With electricity rates being as high as they are, and the price of gas being so low, few people would argue that making the switch saves money. In fact, with electricity rates set to rise in Ontario for the next 20 years, it makes sense to switch as soon as possible.
But how much does it actually save? And is it worth spending the money to buy a new system?
Switch to Save Thousands – Every Year
According to this calculator, you can save almost $2,000 versus electricity. For a single family detached home in the Toronto area with 3 bedrooms, 2 bathrooms , and 1,500 – 1,999 square feet of living space, the savings came to $1,817 – every year.
The calculator allows you to tailor the search according to the size and type of home.
How Do I Figure Out My Actual Savings Potential?
If you’re prepared to do some calculations, you can get out your bills and find out how much you can save for your actual usage.
Are There Other Reasons to Switch?
There are a variety of reasons – besides cost.
- Reliability. While falling tree branches can mean your electricity supply gets cut off, natural gas lines keep working even when there’s an ice storm.
- Popularity. As of 2016, 76% of homes in Ontario are already heated with gas. That means there’s already excellent infrastructure already set up in all but the most rural areas.
- Versatility. Once your home is supplied with natural gas, it can heat your home, your water supply, give you the kind of stove that every serious cook dreams of, and even fuel your barbecue.
- Home buyers look for it. In fact, most people looking for a home will skip homes that don’t have natural gas heating.
If your home is already set up with radiators, you don’t necessarily need to rip everything out and put in ductwork for a forced air furnace. A natural gas boiler can be connected to your radiator system, helping you keep more of your money in your pocket.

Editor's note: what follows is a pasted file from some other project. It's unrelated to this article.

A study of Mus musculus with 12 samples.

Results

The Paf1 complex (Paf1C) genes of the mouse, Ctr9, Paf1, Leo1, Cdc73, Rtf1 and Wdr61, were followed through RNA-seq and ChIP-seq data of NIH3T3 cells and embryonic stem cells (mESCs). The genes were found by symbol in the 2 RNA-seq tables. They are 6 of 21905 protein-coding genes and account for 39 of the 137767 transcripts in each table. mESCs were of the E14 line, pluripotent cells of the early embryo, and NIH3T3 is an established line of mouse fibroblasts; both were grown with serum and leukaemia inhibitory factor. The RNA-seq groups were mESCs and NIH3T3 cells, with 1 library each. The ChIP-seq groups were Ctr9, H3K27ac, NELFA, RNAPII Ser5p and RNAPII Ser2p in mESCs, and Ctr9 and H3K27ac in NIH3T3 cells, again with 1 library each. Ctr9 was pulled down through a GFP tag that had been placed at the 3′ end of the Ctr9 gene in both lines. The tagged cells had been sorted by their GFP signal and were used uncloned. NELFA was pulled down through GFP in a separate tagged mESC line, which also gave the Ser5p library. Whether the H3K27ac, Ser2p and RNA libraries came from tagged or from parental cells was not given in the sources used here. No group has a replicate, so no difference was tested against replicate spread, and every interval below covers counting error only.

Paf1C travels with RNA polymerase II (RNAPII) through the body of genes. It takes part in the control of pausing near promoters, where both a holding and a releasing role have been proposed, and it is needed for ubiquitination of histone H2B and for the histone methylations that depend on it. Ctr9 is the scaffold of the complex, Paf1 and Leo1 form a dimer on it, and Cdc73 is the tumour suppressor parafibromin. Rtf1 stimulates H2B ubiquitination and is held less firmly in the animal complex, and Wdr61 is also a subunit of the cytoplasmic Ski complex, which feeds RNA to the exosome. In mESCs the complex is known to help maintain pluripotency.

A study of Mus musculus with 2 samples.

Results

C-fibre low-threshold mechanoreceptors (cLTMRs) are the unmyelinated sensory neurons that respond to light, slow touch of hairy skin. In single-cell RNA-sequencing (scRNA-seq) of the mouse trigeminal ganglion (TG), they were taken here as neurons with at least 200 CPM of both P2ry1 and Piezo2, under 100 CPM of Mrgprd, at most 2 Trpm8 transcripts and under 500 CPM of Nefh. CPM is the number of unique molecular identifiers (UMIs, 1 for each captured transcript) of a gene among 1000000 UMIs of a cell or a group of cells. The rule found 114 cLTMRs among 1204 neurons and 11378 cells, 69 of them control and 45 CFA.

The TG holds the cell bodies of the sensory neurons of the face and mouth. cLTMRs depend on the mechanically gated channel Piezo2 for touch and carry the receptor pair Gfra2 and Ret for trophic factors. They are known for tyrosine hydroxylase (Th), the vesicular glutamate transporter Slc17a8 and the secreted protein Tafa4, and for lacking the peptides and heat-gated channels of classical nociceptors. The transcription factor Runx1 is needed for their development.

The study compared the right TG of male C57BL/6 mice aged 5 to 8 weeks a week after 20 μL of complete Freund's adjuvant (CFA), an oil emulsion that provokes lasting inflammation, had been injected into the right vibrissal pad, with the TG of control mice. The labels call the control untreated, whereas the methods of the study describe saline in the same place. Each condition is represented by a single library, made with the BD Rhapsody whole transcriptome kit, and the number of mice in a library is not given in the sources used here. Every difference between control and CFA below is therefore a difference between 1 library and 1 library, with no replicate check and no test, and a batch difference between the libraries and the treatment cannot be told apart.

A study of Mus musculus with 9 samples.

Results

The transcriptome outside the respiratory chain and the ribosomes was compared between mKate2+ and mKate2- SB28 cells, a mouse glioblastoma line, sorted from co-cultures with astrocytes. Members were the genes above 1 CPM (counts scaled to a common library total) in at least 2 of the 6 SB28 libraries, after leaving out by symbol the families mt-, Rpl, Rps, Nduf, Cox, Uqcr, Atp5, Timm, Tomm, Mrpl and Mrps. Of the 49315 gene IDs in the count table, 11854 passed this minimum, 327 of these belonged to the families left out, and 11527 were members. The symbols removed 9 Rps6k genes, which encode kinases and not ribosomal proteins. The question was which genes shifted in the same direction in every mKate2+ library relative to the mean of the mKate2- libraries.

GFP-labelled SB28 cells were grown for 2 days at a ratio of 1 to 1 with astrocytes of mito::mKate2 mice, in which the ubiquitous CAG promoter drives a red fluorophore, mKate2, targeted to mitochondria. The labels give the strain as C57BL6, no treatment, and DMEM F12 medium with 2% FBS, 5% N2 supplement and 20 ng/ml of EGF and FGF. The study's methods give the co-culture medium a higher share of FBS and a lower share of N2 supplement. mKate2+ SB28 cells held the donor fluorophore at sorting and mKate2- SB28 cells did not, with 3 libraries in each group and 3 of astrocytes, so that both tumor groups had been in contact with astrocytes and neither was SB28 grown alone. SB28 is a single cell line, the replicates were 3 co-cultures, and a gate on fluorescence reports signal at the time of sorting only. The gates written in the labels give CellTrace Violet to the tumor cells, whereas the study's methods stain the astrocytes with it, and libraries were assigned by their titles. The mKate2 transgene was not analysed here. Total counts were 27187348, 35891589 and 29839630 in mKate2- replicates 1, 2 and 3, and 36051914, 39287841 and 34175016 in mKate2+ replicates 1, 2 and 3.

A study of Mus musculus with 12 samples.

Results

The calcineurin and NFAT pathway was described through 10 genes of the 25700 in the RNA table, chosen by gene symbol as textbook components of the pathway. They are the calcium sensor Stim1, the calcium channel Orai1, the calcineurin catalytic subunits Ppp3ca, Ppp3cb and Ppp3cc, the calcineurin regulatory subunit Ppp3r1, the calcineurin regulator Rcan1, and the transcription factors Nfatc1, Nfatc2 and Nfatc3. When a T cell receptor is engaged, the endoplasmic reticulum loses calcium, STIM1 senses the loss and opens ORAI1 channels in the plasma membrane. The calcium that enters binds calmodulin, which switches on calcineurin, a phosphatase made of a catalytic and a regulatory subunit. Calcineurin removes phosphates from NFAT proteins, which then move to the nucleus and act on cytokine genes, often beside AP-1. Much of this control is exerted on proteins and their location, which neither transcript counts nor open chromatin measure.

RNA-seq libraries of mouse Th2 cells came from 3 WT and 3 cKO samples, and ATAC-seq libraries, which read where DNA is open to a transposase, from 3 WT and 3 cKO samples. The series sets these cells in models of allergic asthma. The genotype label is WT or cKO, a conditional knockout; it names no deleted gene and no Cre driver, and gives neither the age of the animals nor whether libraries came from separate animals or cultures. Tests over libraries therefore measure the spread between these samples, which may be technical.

If your home has electric baseboards, you will need to have ductwork installed. This site says it can cost between $3,000 and $7,000 dollars, depending on the size of your home. There will also be additional costs for permits, the furnace and AC, adding the gas line into your home, and possibly upgrading the electrical service if needed. This homeowner paid about $14,000 all told.
If your home has ductwork and an electric furnace, you’re halfway to saving money with natural gas.
The only way to find out how much it will cost exactly to convert your home is to get quotes from providers. Make sure any quotes you get are all-inclusive, and factor in things like permits and labour.
Will the Liberal Government’s Climate Change Action Plan “Ban” Natural Gas Heating?
You may have heard about the Wynne government’s plan to “ban” natural gas heating and to bring in a new law to have new homes built after 2030 to be fitted with electric heating only. Will this actually happen?
The short answer is no.
While the plan calls for incentives and rebates that will encourage people to go to electric heating and electric cars, it simply will not happen for most of us. This news article explains why it is just not practical to simply order the elimination of natural gas, even decades from now. In a nutshell, it’s just too expensive, especially considering that electricity rates will continue to rise – up to 42% by this estimate.
Long Term Savings
If you add up the savings over time, it makes sense to switch. If you’re a homeowner, the next 20 years will be all about finding ways to reduce your electricity consumption – without switching off TVs and computers. Switching to gas can be a big part of that strategy.